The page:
A sweet picture, the one on the left, isn’t it. A mink, a young mother with her baby, both alive and happy within their skin.
And the one below on the right? Not so sweet in my eyes; rather, the guy looks foppish and ridiculous. But what really gets to me is the fact that it took hundreds of specimens like the little creature here to make the coat the gentleman is wearing. Hundreds and hundreds of mink who were born in captivity and killed after about six months.
They’re being raised on farms, and “are among the world’s best cared-for animals,” enjoying “good nutrition, comfortable housing and prompt veterinary care” — as a website appropriately called American Legend claims (note: the website has been redesigned, and any reference to mink being living creatures has been removed; their fur might as well grow on trees). A notice in the SPIEGEL about roughly 7,500 mink that escaped from a farm in Germany prompted me to take a closer look at the facts and legends of mink farming.
This release of factory-farmed animals isn’t an isolated event; typically, the perpetrators are animal rights activists who’re being called every name in the book from “common criminal” to “terrorist”. Reversely, those who stand up to protect the minks, foxes, rabbits, and other creatures from being turned into fashion statements, talk about the animals’ suffering and cruel treatment, inhumane living conditions, and painful and gruesome killing methods among a long list of atrocities.
I was piqued by the comment of one mink farmer who was concerned that some of the liberated animals would die — they might get run over by cars, they don’t know how to survive in the wild, etc. Wouldn’t they get killed one way or another? Why worry about their survival if they’d hardly reach a ripe old age anyway? My research uncovered some not necessarily surprising, but peculiar factors. Most of all, I was struck by the diametrically opposite terms being used to describe the same fact or event. Take the above question about the life span of a mink for example. Except for the few that are kept for breeding, they’ll live for about six months before — in the words of the mink farm industry — they’re being harvested using humane methods of euthanasia: “When harvest time comes around, a mobile unit is brought to the animals’ cages to eliminate stress that might be caused by transporting them long distances. This mobile unit includes a specially designed airtight container which has been prefilled with gas. The animals are placed inside and immediately rendered unconscious, dying quickly and humanely [text has been removed from above website].” In the case of foxes, lethal injection is being used, while smaller animals such as chinchillas die by electrocution. All of these “harvesting” techniques are painless and instant, according to the Fur Commission USA.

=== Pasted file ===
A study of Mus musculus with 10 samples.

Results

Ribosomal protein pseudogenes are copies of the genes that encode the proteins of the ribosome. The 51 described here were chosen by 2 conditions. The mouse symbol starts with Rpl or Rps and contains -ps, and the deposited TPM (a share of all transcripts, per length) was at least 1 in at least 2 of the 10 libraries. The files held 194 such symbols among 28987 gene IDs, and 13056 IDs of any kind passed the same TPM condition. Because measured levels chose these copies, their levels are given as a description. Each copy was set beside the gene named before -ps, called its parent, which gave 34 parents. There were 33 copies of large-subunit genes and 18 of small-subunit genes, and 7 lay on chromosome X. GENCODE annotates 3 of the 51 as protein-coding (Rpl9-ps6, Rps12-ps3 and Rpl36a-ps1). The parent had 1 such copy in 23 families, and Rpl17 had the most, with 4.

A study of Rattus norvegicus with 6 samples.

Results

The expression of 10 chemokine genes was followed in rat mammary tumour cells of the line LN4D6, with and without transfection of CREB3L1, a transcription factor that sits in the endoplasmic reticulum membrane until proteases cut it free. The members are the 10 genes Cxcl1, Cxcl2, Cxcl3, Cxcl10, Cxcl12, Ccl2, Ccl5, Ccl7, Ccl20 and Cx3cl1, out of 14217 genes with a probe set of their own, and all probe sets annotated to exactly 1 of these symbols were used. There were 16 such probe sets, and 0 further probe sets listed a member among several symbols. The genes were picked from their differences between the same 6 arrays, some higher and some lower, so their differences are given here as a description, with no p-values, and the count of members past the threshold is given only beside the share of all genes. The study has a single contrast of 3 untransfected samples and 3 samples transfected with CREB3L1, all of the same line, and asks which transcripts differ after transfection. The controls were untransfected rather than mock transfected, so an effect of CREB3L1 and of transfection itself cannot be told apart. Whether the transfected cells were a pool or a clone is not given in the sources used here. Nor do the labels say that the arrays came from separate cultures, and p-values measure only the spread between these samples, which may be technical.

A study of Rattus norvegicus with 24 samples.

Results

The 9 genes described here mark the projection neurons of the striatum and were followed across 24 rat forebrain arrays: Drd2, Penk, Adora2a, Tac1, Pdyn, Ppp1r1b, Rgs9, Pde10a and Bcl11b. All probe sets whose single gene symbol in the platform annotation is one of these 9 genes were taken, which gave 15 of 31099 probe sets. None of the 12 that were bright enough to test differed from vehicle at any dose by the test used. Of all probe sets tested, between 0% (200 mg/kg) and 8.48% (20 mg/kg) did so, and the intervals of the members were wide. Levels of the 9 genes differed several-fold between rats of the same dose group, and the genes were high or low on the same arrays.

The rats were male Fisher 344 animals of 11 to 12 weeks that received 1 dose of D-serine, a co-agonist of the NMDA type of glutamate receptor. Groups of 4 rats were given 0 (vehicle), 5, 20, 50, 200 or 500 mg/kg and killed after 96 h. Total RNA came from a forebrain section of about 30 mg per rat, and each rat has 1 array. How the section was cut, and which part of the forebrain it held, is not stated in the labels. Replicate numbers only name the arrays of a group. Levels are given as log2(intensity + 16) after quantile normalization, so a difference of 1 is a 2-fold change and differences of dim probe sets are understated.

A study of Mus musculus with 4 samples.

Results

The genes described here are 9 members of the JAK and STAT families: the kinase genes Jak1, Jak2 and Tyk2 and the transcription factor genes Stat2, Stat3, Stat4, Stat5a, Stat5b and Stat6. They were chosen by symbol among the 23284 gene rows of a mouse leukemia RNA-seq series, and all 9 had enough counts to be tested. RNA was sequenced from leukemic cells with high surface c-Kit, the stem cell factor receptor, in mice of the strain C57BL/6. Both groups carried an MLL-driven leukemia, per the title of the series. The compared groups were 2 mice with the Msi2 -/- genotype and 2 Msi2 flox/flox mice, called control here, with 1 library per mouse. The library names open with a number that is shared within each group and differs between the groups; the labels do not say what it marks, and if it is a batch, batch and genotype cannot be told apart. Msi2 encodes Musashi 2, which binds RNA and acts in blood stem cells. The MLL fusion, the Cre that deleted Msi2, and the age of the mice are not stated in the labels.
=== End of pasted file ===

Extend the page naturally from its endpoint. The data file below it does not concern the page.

Other people and organizations call these practices gruesome, cruel, and painful. The State of New York recently banned the electrocution of animals for fur because it is so callous and barbaric, the Humane Society of the United States reports. While fur farmers claim that the animals live in spacous cages and are happy, PeTA states that the cramped space drives them crazy — mink are solitary animals who may occupy up to 2,500 acres of wetland habitat in the wild. Of course it’s no surprise that fur farmers are against fake fur, but instead of honestly declaring that money is their main interest, they pretend concern about the environment and maintain that it (fake fur) is “not natural”. On the other side are the defenders of wildlife with a long list of poisonous chemicals that have to be used in order to make the fur skins permanent and glossy.
I’ve no idea what kind of people would believe the lies of the fur industry. Judging from the poor sap in the picture above, the kind of people who avoid critical thinking because it’s too painful.